Bullies speak: "We judged her ... without knowing who she was"

A teenage boy who serves as an anti-bullying spokesman has first-hand experience with bullies: He used to be one.

“We judged her by her pictures without even knowing who she really was,” Tyler Gregory told TODAY. “Her feelings weren't on our minds at all.”

The victim, Elizabeth Chenoweth, had befriended Tyler’s best friend, Scott Hannah, though they went to different high schools in central Ohio. Scott told TODAY that his friends were jealous.

The group viciously attacked Elizabeth online, through text messages and over the phone. She said they told her that she was ugly and a looked like a troll. “I felt like all my self-confidence was ripped out,” she told TODAY.

One girl even got on the phone and told Eliza, as she’s also called, that she should kill herself. “I wanted to give up so bad,” she said.

Tyler's mom saw some of his Facebook postings about Elizabeth and was horrified. She told him to stop. "I was devastated," Melanie Gregory said. "I was like, 'What am I doing wrong? Why is he doing this?'"

Scott, meanwhile, lost Eliza as a friend. “She said she never wanted to speak to me again,” he said.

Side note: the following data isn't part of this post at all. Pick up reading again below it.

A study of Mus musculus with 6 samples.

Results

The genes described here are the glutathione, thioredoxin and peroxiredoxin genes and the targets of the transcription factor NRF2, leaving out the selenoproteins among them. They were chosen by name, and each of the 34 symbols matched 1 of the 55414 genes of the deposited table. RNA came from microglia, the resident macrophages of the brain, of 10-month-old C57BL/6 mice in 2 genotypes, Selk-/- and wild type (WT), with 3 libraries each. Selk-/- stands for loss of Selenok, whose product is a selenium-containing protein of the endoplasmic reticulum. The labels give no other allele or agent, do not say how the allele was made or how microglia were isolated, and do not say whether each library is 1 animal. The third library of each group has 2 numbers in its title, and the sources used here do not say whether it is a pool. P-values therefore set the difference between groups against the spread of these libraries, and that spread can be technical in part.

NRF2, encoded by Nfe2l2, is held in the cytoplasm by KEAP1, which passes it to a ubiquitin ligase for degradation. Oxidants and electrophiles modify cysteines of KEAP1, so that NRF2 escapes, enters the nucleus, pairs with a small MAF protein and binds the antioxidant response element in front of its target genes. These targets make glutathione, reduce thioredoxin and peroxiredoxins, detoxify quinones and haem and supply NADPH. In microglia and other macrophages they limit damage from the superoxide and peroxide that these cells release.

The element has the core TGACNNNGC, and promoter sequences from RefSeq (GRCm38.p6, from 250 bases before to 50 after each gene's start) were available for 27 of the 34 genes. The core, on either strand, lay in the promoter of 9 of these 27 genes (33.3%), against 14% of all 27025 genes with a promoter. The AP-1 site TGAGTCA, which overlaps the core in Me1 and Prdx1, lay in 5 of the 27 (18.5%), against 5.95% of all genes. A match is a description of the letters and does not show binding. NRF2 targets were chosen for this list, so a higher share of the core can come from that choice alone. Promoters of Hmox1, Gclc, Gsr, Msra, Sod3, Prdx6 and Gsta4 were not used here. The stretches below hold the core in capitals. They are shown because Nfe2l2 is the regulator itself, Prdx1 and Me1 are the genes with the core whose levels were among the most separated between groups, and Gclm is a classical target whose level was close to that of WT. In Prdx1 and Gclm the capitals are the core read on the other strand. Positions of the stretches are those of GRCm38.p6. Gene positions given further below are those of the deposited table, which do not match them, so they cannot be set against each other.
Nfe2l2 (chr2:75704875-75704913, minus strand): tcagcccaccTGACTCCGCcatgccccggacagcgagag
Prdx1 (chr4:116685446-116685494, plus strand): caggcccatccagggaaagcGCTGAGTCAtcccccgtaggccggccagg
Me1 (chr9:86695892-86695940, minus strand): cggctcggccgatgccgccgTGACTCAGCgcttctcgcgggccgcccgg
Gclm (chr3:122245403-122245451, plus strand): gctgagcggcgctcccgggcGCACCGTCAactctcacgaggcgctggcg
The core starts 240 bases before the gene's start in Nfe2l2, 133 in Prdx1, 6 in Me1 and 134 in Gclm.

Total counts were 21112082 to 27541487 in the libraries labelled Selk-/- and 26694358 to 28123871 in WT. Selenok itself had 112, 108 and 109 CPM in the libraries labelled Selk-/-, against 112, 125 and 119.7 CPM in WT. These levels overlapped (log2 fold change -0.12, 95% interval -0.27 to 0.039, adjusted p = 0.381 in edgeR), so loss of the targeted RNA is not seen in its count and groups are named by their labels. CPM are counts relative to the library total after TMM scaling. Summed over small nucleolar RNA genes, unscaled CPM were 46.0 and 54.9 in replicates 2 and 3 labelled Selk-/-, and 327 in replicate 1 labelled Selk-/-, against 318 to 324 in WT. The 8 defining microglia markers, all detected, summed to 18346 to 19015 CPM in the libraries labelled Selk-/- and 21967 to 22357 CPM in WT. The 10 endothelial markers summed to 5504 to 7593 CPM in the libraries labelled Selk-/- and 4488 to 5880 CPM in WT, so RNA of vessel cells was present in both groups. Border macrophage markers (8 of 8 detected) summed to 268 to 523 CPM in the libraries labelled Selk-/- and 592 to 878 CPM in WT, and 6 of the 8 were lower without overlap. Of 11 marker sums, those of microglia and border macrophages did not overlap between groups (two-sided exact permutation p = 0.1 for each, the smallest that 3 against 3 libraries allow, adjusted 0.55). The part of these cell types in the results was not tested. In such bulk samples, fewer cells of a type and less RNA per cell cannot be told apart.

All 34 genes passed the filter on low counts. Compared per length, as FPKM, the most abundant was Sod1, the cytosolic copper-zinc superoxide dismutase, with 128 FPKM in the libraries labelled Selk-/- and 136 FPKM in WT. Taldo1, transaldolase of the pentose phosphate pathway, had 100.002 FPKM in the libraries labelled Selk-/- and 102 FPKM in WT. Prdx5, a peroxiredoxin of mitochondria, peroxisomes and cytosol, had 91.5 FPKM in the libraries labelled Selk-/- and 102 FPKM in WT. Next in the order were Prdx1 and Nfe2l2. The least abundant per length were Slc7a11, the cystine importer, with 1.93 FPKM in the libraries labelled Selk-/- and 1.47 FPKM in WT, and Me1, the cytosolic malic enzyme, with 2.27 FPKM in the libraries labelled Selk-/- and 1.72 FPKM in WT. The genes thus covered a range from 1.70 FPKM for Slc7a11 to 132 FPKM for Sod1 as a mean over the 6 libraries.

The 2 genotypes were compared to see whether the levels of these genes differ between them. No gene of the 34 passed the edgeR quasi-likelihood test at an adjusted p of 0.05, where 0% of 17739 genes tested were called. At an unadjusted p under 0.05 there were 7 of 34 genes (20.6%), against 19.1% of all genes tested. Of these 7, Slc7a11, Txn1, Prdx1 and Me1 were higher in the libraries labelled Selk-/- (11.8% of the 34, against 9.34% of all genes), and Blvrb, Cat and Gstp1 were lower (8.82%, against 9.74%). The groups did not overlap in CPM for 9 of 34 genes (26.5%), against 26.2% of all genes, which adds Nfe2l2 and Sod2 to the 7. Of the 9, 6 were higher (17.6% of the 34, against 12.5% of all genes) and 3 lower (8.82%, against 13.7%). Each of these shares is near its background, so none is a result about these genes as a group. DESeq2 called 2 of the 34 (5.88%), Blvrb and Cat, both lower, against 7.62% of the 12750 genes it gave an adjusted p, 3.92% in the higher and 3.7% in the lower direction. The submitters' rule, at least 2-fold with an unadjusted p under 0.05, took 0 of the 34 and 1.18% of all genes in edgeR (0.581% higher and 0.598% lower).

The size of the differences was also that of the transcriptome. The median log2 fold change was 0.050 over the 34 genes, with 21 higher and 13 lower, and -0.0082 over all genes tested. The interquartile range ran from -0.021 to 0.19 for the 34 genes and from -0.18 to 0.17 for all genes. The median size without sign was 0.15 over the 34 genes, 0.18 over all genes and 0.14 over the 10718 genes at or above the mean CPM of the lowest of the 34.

Last year, though, the death a 14-year-old New York boy, Jamey Rodemeyer, who committed suicide after being bullied, resonated with Scott and Tyler.

“His death really touched me because it really could be anyone,” Scott said. “And the Eliza situation clicked when I heard that.”

Scott and Tyler produced a video to raise awareness of bullying that they hope will help put a stop to teens victimizing their peers. Tyler and Scott have become spokesmen for “The Great American No Bull Challenge."

They initially kept their history with Eliza a secret, but apologized to her last month.

“It’s wrong,” Tyler says, “how you're putting other people down to lift yourself up. And we found that lifting people up lifts us up even more than putting people down.”

Elizabeth has put the issue behind her and was recently nominated to her school’s junior homecoming court. “I’m on top of the world,” she said. “Nothing can bring me down now.”

Actress and activist Marlo Thomas, who brought the teens’ story to TODAY on Thursday, announced a campaign called “Be More Than a Bystander,” saying that most kids are neither bullies nor victims but are bystanders who can do something.

“You have to take it seriously as a family issue,” she said. “The best thing we can do now is to get the bystander. That’s really the focus of this campaign, and say ‘You can do something about it.’”

About 80 percent of kids see someone get bullied at least once a week but don’t know what to do, Thomas said, adding that parents don’t talk with their kids enough about bullying.

Parents should teach their children that if they see bullying in action, they should try to remove the other child from the situation, tell a trusted parent or teacher, don’t give the bully a captive audience and try to welcome kids who are being bullied.

“When you see a child is being bullied at school, include them,” Thomas told TODAY’s Savannah Guthrie. “Smile at them. Be kind to them. Because they feel isolated and being isolated is what’s really so tortuous for them.”